In UNESCO’s Atlas of the World’s Languages in Danger (Moseley 2010), Taloki is rated as 3/Definitely Endangered because of the few number of speakers and reported bilingualism with Muna (see Wurm 2007:540), and we retain this rating. At present, however, we have no baseline studies to measure whether the language is shifting or how quickly. Because even our best information is minimal and dated, we urge that both locations where this language is spoken be revisited to assess the current endangerment status of the Taloki language.
What Others Have Written
Taloki speakers live in a predominantly Muna-speaking region, and they claim to be bilingual in Muna. Despite their small numbers, Taloki speakers have maintained their language, continuing to use it at home and with their children, at work and at festivals.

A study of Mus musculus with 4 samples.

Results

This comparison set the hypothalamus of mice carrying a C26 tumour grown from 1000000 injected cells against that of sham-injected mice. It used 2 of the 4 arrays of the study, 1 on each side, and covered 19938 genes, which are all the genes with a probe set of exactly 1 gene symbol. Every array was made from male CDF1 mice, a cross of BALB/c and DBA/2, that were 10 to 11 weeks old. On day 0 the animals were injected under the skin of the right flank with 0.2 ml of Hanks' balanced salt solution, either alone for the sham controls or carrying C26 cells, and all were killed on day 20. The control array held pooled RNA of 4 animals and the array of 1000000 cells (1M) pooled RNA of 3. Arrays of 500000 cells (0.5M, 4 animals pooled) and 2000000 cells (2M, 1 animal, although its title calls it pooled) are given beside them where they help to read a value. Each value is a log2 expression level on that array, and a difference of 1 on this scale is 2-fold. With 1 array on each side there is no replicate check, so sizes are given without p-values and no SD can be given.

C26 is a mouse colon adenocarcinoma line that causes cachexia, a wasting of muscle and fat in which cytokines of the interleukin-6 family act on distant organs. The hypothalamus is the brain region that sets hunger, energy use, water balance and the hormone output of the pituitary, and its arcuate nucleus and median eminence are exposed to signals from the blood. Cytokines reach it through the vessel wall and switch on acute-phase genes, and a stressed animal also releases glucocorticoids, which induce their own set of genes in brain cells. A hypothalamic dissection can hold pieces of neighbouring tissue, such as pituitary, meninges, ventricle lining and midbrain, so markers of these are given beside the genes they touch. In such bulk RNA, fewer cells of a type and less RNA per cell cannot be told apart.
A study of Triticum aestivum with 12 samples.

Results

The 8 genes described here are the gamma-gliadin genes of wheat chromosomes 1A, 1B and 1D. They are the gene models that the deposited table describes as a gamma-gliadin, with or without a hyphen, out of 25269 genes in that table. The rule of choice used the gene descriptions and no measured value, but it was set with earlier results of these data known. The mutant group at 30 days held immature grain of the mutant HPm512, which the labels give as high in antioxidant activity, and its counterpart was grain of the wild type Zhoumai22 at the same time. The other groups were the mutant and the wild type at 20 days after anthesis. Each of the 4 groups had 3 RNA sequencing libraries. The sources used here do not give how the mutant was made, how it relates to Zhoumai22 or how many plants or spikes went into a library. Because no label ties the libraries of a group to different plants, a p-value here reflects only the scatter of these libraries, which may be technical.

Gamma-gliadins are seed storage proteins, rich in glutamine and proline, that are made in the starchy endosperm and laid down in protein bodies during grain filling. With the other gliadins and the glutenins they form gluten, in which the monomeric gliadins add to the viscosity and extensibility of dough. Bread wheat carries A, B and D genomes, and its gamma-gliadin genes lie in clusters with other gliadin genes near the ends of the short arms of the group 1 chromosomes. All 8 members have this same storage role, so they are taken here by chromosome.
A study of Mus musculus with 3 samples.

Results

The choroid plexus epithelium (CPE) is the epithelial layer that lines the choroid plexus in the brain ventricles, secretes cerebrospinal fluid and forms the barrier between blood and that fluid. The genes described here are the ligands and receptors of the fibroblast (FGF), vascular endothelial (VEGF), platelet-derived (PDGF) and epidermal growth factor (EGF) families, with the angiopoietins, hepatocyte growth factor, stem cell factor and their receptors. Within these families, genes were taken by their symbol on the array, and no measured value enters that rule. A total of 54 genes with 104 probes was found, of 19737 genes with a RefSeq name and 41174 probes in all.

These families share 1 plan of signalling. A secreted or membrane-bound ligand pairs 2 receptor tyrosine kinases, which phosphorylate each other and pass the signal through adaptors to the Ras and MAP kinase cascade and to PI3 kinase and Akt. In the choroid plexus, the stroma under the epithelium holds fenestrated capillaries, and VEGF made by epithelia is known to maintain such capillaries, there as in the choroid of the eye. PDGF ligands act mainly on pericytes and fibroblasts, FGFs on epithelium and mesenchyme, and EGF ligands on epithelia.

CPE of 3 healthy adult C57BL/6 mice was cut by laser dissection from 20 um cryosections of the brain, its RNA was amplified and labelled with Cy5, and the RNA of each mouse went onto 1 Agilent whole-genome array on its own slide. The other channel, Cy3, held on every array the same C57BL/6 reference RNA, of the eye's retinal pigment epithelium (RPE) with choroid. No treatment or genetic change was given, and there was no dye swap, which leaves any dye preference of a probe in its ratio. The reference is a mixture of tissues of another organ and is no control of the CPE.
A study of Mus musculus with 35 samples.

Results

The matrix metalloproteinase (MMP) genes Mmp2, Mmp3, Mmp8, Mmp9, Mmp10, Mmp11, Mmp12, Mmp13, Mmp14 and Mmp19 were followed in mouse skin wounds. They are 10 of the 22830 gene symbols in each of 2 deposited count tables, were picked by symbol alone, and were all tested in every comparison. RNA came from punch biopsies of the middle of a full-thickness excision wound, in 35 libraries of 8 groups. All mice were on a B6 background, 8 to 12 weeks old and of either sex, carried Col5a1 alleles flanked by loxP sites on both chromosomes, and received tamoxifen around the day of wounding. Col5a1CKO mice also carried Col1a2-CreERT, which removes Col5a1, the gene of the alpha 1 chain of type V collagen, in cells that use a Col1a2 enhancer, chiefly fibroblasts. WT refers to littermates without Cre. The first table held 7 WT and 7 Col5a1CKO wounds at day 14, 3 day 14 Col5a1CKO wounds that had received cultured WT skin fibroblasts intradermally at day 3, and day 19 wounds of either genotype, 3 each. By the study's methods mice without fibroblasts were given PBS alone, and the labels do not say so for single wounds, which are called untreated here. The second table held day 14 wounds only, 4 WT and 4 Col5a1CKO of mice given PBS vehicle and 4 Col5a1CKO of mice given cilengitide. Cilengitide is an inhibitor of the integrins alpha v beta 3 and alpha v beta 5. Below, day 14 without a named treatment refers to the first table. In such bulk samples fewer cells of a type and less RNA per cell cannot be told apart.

No literacy in it. In 1995, 500 speakers were reported, and 400 before that. High level of bilingualism in the large Muna language, and there is pressure from Indonesian. The language is potentially endangered.
Mead, David E. 1999. The Bungku-Tolaki languages of south-eastern Sulawesi, Indonesia. (Pacific Linguistics, D-91.) Canberra: Australian National University.
Moseley, Christopher (ed.) 2010. Atlas of the world’s languages in danger, 3rd ed., entirely revised, enlarged and updated. (Memory of Peoples Series.) Paris: UNESCO Publishing.
Wurm, Stephen A. 2007. Australasia and the Pacific. Encyclopedia of the world’s endangered languages, edited by Christopher Moseley, 425–577. New York: Routledge.